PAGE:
Philippine News, News Report, Philippine News staff Posted: Sep 26, 2008

NEW YORK -- Citicorp CEO Bill Rhodes told Philippine President Gloria Macapagal-Arroyo in a meeting this week, that with the tough economic reforms she instituted, the Philippines will be able to breeze through the fallout of the current U.S. financial turmoil. The head of one of Americas major financial corporations, Rhodes said that the unprecedented financial crunch roiling the U.S. economy showed that Arroyo was right in instituting tough economic and financial reforms.

He said Arroyo possessed the toughness of a leader who can probably do what is necessary to stem the tide (of the U.S. financial problem) if it will reach the Philippines.

Philippine Press Secretary Jesus Dureza narrated what transpired during the 45-minute meeting between Rhodes and Arroyo at the Plaza Hotel. Rhodes congratulated the President for putting in place reforms, even as he pointed out that these reforms will still be put to a test, Dureza said.

He added that Rhodes expressed confidence in the toughness of the President to implement even unpopular decisions needed to get the Philippines through the situation. The Citicorp executive warned that the fallout from the US financial debacle would be long-term, and that all countries have to take stock of the situation, Dureza said.

He has prescriptions for the Philippines and the President listened because he has been advising the President even before, in various meetings in the past, Dureza further said. Rhodes' prescription for the Philippines? Watch inflation as it is going to have a long-term effect in the face of the continuing volatility in the global market amid an impending shift from financials to commodities.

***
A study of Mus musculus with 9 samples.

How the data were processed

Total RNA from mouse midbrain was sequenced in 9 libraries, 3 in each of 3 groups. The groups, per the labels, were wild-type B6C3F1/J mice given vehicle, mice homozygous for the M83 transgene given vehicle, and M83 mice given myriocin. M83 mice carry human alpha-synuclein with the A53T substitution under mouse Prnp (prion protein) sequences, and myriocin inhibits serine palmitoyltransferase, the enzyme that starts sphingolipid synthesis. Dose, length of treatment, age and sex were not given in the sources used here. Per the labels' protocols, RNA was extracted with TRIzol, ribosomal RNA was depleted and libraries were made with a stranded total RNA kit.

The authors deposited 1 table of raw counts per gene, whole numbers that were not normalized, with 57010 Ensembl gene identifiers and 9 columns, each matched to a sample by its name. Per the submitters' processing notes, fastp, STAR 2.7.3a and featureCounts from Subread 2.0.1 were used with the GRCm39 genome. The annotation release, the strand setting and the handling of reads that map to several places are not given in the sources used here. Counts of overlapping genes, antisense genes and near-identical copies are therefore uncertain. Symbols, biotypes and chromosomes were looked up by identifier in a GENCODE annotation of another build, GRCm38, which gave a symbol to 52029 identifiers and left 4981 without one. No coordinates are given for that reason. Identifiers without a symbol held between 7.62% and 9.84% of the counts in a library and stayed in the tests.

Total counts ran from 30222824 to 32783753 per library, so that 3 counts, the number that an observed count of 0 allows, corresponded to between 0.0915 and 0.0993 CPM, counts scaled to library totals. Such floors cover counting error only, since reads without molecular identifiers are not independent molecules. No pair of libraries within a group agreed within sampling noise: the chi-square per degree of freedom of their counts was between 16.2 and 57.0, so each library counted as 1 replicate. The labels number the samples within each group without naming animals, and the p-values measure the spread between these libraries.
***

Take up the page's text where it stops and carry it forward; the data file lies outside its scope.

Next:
Basically, Rhodes briefed Arroyo on what is happening now in the U.S. economy. He described the U.S. as presently in the eye of a storm. There is calm now but the worst is yet to come, Dureza quoted Rhodes as saying.

He is referring to the collapse of brokerage behemoth Lehman Brothers and the proposed $700 billion bailout that would help the U.S. economy get back on its feet. Earlier, the financial troubles of mortgage institutions Fannie Mae and Freddie Mac as well as Merrill Lynch created a devastating impact on one of the worlds strongest economies.

During her five-day visit, she held meetings with bilateral partners and multilateral organizations.

Her first day in New York started with a meeting with Rhodes at the Presidential Suite of the Plaza. Citibank is the largest bank in the U.S. as of March 2007, and the largest foreign bank in the Philippines.

Later in the day, she attended a reception for heads of delegation hosted by U.S. President and Mrs. Laura Bush at the Waldorf Astoria.

The following day, she was the fourth speaker in the morning session of the U.N. General Assembly, after the President of Brazil, President Bush, and the French President Nicolas Sarkozy.